Rosh Hashanah arrives early this year. That means Rena Elbaze, the Winnipeg Jewish community's Jewish Engagement Specialist, will be setting up her holiday display at The Forks Market by the end of August.
This display will feature general information about Rosh Hashanah, the Jewish New Year, and specific information about synagogue services that will be taking place across the city during the holiday. Elbaze also will be handing out samples of gourmet honey to those who stop by her display to chat.
Honey is one of the foods traditionally eaten on Rosh Hashanah, which falls this year on Sept. 5. The honey represents the hope for sweetness and blessings in the coming year.
This kind of holiday outreach is integral to Elbaze's mission to help connect unaffiliated Jews living in Winnipeg with their community, culture and faith.
"My role involves reaching the less affiliated where they are and creating entry points into the community and to Jewish life in general," Elbaze explains.
Elbaze grew up in Winnipeg and was heavily involved in the organized Jewish community, especially through her synagogue and its youth groups. When she moved back to Winnipeg with her young family after living in France for 20 years, she was surprised to find these synagogue youth groups were long gone.
The disappearance of these groups seemed to reflect a decline in overall affiliation among members of a community that once had been a vibrant centre of Jewish life.
This decreased affiliation, she discovered, was due to a number of factors. One of these was a significant increase in intermarriage among Jewish community members.
"In Winnipeg, these families currently make up 75 per cent of the marriages in our community," Elbaze says.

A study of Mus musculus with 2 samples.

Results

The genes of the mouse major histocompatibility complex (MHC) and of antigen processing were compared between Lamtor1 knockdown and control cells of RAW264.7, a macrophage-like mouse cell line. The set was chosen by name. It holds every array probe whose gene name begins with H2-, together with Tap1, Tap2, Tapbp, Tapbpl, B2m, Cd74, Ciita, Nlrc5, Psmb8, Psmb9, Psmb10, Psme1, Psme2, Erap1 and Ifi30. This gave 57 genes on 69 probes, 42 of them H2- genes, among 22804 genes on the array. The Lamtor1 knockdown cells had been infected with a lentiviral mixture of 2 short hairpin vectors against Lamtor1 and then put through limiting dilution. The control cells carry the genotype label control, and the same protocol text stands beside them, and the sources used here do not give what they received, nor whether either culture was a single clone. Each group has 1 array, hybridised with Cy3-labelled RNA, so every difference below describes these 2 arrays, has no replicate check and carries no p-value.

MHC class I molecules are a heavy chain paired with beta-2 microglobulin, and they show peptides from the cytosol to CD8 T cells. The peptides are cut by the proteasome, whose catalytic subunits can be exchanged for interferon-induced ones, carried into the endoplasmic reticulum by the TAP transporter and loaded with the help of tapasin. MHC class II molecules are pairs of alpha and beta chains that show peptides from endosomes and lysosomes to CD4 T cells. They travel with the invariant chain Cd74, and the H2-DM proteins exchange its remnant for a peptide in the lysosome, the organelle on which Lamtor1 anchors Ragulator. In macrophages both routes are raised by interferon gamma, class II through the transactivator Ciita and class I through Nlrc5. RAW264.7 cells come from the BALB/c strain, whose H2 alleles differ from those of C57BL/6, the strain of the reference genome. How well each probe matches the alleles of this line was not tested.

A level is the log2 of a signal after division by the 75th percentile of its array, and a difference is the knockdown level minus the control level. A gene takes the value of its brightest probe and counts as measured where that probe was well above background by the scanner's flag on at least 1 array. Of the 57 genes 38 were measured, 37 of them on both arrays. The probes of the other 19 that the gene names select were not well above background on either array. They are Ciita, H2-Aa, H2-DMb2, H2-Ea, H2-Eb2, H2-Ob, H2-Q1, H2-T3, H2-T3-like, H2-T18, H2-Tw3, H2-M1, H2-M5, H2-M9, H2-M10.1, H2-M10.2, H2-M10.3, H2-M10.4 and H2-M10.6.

In the past, she adds, there were few attempts to embrace these families and help make them feel connected to the Jewish community. But that is now changing.
"My goal is to make these families feel welcome in the community and engage them in a way that is meaningful to them," Elbaze says.
She aims to accomplish this primarily through an initiative called Big Tent Judaism.
Big Tent Judaism is a North American movement designed to increase community affiliation among marginalized, indifferent, unconnected and intermarried Jews. Its approach to Jewish community life mimics the approach taken by biblical ancestors Abraham and Sarah. According to the collection of Jewish oral law known as the Mishnah, Abraham and Sarah kept their tent open on all four sides to ensure visitors arriving from any direction would feel welcomed.
A major aspect of Big Tent Judaism, Elbaze explains, involves hosting Jewish community awareness events and meeting unaffiliated Jews at public spaces. These low-barrier spaces include community centres, grocery stores and places like The Forks.
"The goal is to start a conversation and be inviting to those who might not know how or where to connect," she says.
Often that one conversation is enough to encourage the unaffiliated to explore the Jewish community a little further. Once they venture to do that, they are usually pleasantly surprised to find myriad opportunities, organizations and institutions ready to welcome them with open arms.